What is a Home Equity Loan?

Published by Thomas Herold in Banking, Real Estate

'Home Equity Loan' is explained in detail and with examples in the Real Estate edition of the Herold Financial Dictionary, which you can get from Amazon in Ebook or Paperback edition.

A home equity loan is a means for home owners to borrow money using the value of their house. Borrowers find these loans appealing because they can usually borrow significant sums of money. Besides this, they are much simpler to get approved for than with many competing kinds of loans. A home owner’s house secures these home equity loans. The borrowers may utilize these funds for any purpose that they wish. They do not have to be spent on expenses related to the house that secures the loan.

Such a home equity loan is actually a kind of second mortgage on a house. The first mortgage allows the buyer to purchase the home. When sufficient equity is established in the house, owners can attach other loans to the property to borrow against it.

There are a number of benefits to obtaining a home equity loan. They appeal to both lenders and borrowers. Borrowers get better APRs or interest rates from them than with other loan types. Because they are secured by the value of the home, they can be easier to get approved for even with bad credit. The IRS allows home owners to deduct interest expenses from these home equity loans from their taxes. Finally, borrowers are able to obtain substantial loan amounts using these loan vehicles.

The lenders like these loans because they consider them to be safer loans. The house acts as collateral in the process. This means that banks are able to seize the house to liquidate it and regain unpaid balances if the owner fails to make the payments. Because of this, banks know that borrowers will make the payments of these loans a high priority so they do not lose their house.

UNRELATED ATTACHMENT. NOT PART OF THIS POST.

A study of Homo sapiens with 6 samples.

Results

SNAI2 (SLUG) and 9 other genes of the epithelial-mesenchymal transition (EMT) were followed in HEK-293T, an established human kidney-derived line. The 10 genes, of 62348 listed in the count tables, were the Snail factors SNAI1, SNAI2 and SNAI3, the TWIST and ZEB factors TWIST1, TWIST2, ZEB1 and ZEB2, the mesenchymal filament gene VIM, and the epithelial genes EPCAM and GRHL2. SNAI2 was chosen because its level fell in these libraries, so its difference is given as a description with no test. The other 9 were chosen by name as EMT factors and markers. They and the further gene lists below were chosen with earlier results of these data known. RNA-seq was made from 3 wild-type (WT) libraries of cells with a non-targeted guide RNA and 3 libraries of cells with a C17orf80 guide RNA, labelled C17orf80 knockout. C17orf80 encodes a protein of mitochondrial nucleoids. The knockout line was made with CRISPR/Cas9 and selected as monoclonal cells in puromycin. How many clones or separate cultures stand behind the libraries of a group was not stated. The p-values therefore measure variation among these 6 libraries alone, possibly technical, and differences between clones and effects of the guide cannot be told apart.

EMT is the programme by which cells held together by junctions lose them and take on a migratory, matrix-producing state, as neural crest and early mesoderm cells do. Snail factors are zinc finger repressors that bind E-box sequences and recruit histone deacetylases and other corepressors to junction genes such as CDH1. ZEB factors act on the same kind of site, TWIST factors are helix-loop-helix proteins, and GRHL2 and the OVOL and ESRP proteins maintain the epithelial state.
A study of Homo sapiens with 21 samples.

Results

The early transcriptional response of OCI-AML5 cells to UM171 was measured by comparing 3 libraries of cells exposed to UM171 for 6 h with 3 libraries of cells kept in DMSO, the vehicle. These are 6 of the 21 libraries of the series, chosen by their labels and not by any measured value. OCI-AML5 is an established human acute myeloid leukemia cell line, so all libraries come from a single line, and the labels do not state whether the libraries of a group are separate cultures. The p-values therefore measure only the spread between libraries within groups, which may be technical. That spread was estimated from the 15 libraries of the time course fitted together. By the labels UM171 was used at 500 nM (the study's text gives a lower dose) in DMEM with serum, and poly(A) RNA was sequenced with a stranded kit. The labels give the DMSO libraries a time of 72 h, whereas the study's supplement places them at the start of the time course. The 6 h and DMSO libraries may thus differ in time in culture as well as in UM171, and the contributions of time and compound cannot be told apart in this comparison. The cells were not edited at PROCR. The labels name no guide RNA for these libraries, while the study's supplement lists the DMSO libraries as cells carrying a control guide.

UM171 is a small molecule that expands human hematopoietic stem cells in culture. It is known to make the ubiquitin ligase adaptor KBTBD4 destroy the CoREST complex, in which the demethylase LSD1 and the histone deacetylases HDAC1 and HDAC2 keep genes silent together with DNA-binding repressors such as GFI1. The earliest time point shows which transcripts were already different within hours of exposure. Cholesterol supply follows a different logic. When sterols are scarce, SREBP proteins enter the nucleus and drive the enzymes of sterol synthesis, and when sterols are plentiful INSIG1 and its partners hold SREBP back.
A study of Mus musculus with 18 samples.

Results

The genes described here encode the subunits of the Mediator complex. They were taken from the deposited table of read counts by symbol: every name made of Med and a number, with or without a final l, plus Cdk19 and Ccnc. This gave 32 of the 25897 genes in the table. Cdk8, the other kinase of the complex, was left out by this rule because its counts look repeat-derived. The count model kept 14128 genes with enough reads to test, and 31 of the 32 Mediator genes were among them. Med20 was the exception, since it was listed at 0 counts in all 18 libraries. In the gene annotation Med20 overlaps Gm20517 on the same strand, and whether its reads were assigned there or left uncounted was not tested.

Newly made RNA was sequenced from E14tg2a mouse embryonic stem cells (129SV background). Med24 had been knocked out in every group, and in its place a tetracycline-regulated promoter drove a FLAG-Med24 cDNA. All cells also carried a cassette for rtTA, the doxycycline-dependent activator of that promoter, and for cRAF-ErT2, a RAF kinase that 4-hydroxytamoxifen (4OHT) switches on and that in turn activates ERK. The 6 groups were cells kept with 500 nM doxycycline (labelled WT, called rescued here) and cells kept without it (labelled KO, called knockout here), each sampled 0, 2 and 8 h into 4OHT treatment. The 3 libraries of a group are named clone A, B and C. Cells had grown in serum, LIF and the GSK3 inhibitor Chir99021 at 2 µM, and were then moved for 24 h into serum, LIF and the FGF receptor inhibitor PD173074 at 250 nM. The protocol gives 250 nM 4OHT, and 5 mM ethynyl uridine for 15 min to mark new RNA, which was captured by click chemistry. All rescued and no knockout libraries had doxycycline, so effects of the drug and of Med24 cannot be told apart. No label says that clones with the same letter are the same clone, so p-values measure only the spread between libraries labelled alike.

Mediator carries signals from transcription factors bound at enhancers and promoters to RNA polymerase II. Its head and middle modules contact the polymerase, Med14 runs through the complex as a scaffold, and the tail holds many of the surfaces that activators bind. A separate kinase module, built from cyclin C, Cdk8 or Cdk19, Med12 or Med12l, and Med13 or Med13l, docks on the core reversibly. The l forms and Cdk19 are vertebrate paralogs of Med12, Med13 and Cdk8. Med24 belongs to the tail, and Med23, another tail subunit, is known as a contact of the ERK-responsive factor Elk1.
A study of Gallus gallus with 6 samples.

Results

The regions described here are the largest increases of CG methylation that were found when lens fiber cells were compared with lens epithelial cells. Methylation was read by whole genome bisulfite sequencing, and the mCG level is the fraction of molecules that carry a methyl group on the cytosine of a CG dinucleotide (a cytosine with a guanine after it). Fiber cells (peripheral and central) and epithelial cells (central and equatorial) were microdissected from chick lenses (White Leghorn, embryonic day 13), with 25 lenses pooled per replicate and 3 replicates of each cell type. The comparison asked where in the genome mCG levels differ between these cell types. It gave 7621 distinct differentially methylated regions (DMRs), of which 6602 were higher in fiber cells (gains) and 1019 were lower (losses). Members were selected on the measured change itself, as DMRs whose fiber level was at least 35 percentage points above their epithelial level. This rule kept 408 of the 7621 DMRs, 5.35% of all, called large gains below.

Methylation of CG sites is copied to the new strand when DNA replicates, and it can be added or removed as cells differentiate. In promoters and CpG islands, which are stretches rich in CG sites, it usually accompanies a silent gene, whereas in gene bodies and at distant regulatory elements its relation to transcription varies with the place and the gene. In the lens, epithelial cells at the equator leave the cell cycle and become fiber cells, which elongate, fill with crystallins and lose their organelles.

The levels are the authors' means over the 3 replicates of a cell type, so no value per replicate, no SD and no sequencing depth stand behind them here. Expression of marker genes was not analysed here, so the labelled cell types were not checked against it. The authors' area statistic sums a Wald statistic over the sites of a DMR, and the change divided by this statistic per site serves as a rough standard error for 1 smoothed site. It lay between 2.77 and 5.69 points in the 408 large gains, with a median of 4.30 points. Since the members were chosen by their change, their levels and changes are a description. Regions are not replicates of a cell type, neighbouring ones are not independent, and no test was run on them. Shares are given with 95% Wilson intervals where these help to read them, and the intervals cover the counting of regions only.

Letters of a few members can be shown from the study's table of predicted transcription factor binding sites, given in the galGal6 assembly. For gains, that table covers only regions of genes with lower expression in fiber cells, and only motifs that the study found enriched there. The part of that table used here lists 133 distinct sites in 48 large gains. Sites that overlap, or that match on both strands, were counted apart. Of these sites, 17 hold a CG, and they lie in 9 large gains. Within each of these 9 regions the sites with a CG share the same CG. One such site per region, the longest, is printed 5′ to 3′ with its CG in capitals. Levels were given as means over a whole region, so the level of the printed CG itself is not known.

Banks protect themselves in any case by not lending too much against the value of the property. In general, lenders will not allow borrowers to obtain a greater amount than 85% of the value of the house. This includes both the amount that remains on the first mortgage as well as the second mortgage home equity loan. This percentage is known as the loan to value ratio. It can vary somewhat from one bank to the next.

The way home equity loans work is relatively straightforward. Borrowers receive a one time cash payment. They then make fixed payments each month to pay back the loan over a pre-set amount of time. The interest rate will be set by the bank at the beginning of the loan. With every payment, the loan balance declines after part of the interest costs are covered. This makes these amortizing loans.

Sometimes borrowers do not require all of the money at one time. An alternative to the home equity loan in this case is the HELOC home equity line of credit. This delivers a set amount of money which home owners can draw on only when and if they require it. The borrowers only have to pay interest on money which they physically draw and borrow. It is possible for the interest rate to change on these HELOC loans. Banks may also cancel such a line of credit before the borrower has utilized all or part of the funds.

Home equity loans can be used for many different needs. It is wise to improve the value of the house with the money through renovating, remodeling, or increasing the appeal of the property. Other common uses borrowers employ them for are to help pay for a second home, to afford college tuition and expenses for family members, or to consolidate bills with high interest rates.